Founding L’Atelier is a great point of pride for me, my own modest contribution –a small grain of sand in a vast dune—to my Bahia Blanca and Argentine community. It brought me many years of happiness and such cause to rejoice, and I truly feel that my students and I built L’Atelier hand in hand.
20 years have passed since L’Atelier Centro Creativo de Danza opened its doors. L’Atelier was born from the need to create in Bahia Blanca, the need for a common space for dance and creativity. My goal was to provide a space where dance could be taught both as an academic discipline and as a means of expression, a place devoted to the perceptual, physical, aesthetic, and creative development of artists, a place where students could learn to integrate head and heart, and a place where the body (the container of our soul) could be cultivated as an instrument through which to express our existence.
I was 18 years old and I wanted to dance through life. From 1994 to 2000 I directed the school until I decided to augment my studies in choreography by traveling to New York to study. I never returned from that trip. An unquenchable thirst for knowledge drove me out of my nest.
My heart fills with joy and nostalgia when I look back and think of all those moments of intensity, great memories, and life-long friends. The never-ending classes with my faithful assistant, Soledad Gutierrez (we always knew what time we started dancing and rehearsing but never knew what time we finished!); the fun and intense rehearsals with Pamela Lenzu and Anibal Vitale; our two trips to Chile (replete with mothers, makeup, admirers, even signing autographs!); founding L’Atelier Contemporary Ballet with Pamela and Araceli Perez; the creative collaborations with Nando y los Chicos, Maryta Berenguer, Juancho, the group Vocal Acento, Carmelo Fioriti, Patricia Galassi … I could go on and on!
Creating a supportive and inspiring meeting place for artists is not easy, but it is necessary – especially in a country like Argentina, where everything is constantly in flux. It is not easy, but it is necessary to create a place that:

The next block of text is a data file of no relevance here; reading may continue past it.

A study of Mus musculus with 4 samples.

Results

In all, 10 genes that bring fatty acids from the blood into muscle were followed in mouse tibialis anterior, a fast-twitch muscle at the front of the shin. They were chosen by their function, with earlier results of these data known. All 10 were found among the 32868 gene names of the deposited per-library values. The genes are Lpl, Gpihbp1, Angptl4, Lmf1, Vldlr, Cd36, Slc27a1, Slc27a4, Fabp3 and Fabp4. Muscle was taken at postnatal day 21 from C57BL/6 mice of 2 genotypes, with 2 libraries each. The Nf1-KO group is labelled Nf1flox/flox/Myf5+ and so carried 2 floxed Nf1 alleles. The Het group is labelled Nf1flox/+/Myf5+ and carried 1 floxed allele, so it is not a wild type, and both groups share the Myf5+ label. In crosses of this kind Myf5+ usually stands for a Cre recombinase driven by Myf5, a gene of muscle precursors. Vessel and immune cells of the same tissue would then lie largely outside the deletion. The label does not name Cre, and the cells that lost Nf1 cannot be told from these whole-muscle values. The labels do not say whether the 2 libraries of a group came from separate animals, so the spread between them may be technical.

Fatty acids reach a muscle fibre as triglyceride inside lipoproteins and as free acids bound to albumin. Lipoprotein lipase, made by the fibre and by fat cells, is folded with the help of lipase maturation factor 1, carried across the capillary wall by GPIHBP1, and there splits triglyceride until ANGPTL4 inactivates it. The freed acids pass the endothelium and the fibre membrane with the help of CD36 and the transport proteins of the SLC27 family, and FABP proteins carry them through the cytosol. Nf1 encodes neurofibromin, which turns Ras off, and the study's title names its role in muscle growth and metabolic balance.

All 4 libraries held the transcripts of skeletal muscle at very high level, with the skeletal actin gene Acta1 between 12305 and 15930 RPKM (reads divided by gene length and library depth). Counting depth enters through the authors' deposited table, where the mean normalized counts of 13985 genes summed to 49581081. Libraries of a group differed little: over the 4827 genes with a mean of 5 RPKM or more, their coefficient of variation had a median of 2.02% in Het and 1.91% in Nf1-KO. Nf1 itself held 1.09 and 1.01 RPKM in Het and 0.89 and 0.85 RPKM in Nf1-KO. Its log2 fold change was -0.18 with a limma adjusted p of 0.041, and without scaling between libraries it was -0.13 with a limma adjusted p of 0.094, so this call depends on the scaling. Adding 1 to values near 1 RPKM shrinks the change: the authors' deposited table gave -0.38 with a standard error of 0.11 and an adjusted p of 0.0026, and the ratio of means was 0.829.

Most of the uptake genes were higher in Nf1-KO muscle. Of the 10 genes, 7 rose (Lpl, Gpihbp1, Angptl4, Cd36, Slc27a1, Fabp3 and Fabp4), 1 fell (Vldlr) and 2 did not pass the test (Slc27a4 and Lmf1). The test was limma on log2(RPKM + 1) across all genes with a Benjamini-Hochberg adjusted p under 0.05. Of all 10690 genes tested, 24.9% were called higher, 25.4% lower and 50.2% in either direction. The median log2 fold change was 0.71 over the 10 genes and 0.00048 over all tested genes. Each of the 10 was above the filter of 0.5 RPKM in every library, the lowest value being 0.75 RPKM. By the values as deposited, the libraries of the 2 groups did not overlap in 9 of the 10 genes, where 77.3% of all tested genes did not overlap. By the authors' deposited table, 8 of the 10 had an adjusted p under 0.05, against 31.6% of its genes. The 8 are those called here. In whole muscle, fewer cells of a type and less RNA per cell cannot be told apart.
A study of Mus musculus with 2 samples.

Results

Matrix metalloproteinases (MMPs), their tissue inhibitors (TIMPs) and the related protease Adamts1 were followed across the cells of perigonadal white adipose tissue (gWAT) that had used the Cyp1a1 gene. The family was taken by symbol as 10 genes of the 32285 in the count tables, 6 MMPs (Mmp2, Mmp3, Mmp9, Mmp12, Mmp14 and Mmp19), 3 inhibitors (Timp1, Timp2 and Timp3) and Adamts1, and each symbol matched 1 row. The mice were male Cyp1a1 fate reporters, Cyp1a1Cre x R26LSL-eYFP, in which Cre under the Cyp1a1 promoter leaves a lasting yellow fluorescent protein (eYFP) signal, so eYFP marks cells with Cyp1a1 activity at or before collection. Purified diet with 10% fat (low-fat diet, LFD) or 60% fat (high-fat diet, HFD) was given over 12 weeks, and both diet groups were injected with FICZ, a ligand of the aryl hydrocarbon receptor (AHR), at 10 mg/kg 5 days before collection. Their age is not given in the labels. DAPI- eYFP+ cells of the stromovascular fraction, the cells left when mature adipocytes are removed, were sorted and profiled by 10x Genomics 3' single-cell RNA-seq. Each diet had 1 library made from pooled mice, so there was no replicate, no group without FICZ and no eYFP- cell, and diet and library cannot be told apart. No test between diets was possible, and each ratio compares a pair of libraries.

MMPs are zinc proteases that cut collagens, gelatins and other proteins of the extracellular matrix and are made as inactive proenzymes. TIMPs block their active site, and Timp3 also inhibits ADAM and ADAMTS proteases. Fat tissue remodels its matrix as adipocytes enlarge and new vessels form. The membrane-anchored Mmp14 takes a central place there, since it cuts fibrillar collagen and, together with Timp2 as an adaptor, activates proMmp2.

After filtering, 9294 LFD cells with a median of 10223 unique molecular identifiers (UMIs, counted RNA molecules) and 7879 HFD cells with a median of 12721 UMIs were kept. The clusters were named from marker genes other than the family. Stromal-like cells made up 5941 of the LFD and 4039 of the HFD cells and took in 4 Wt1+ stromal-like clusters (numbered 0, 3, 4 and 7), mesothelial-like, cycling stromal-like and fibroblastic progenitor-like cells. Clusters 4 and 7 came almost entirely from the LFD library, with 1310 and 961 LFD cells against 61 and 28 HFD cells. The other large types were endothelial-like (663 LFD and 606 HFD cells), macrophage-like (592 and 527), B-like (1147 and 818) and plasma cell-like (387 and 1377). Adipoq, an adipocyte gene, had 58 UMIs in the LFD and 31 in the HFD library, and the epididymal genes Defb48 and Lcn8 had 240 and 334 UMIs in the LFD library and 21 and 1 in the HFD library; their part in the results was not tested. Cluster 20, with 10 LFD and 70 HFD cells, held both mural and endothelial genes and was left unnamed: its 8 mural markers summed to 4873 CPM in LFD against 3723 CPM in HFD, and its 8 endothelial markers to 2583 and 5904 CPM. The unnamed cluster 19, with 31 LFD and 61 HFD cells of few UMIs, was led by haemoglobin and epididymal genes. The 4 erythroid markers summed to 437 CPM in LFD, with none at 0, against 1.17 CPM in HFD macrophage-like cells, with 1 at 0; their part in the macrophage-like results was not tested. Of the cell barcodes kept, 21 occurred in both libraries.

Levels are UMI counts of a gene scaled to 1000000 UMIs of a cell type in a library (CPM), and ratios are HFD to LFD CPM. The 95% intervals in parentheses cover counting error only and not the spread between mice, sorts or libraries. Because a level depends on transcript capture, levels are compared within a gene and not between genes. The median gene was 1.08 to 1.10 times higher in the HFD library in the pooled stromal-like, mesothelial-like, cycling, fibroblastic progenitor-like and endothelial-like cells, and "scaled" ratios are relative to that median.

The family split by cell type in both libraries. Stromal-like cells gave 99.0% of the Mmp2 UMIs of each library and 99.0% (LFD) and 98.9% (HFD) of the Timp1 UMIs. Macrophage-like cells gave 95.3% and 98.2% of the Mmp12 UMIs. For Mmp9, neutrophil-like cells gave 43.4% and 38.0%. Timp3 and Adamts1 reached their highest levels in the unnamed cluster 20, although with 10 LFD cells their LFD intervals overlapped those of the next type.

– Makes everyone feel included, heard, and respected.
– Evolves each day, responding to the needs of the community.
– Enables one to grow personally and professionally each day.
– Reflects upon and tends to the needs of teachers and students.
– Cultivates, stimulates, engages, and develops an audience for dance.
– Works with the community, public welfare institutions, hospitals, and public schools to organize events that raise funds to benefit these organizations.
– Offers guidance and advice to other provincial, regional, and national dance schools.
– Provides affordable training to the public.
– Teaches self-discipline, work ethic, dedication, self-respect, and respect for others.
– Cultivates a joy of learning and stimulates self-confidence and self-esteem.
– Develops sensitivity toward the arts.
Besides teaching dance at L’Atelier, I organized talks with doctors of nutrition and kinesiology, who generously donated their time to educate students on how to prevent illness and injury in an effort to provide a comprehensive program.
When I opened L’Atelier in 1994 we had just five students; the next year we had 60, and the next 120. It was an explosion! At the beginning I was my only employee: I taught five classes a day, and I was in charge of everything from administration, press, and marketing to cleaning and maintenance. I also formed a small dance company for children and teenagers, which took part in youth musical shows and regularly danced on television shows.
I was young and enthusiastic.
In 1997 and 1998 we were invited to dance and conduct workshops for a whole community in Chile. These tours were produced by the town of Ovalle. We made a big impression on our audience, which waited after our performances with roses and thank you notes.
In our home city of Bahia Blanca our impact was extraordinary as well, for in addition to teaching dance classes, we offered a full range of complementary subjects, including French, dance history, history of ballet, makeup, dance pedagogy, and repertory. By completing a number of years of courses, our students could earn teaching certificates as ballet teachers. We were registered as a private school. The training we offered was comprehensive. Today we offer a certificate in dance performance exclusively.
Angel Fumagali, the critic, historian, teacher, and archivist of the Teatro Colon in Buenos Aires, is just one example of the caliber of faculty L’Atelier has counted among its ranks.
It was an honor to have created L’Atelier, and I am so proud that my sister, Pamela, has made it her own, embracing my dream by continuing to care for and develop L’Atelier.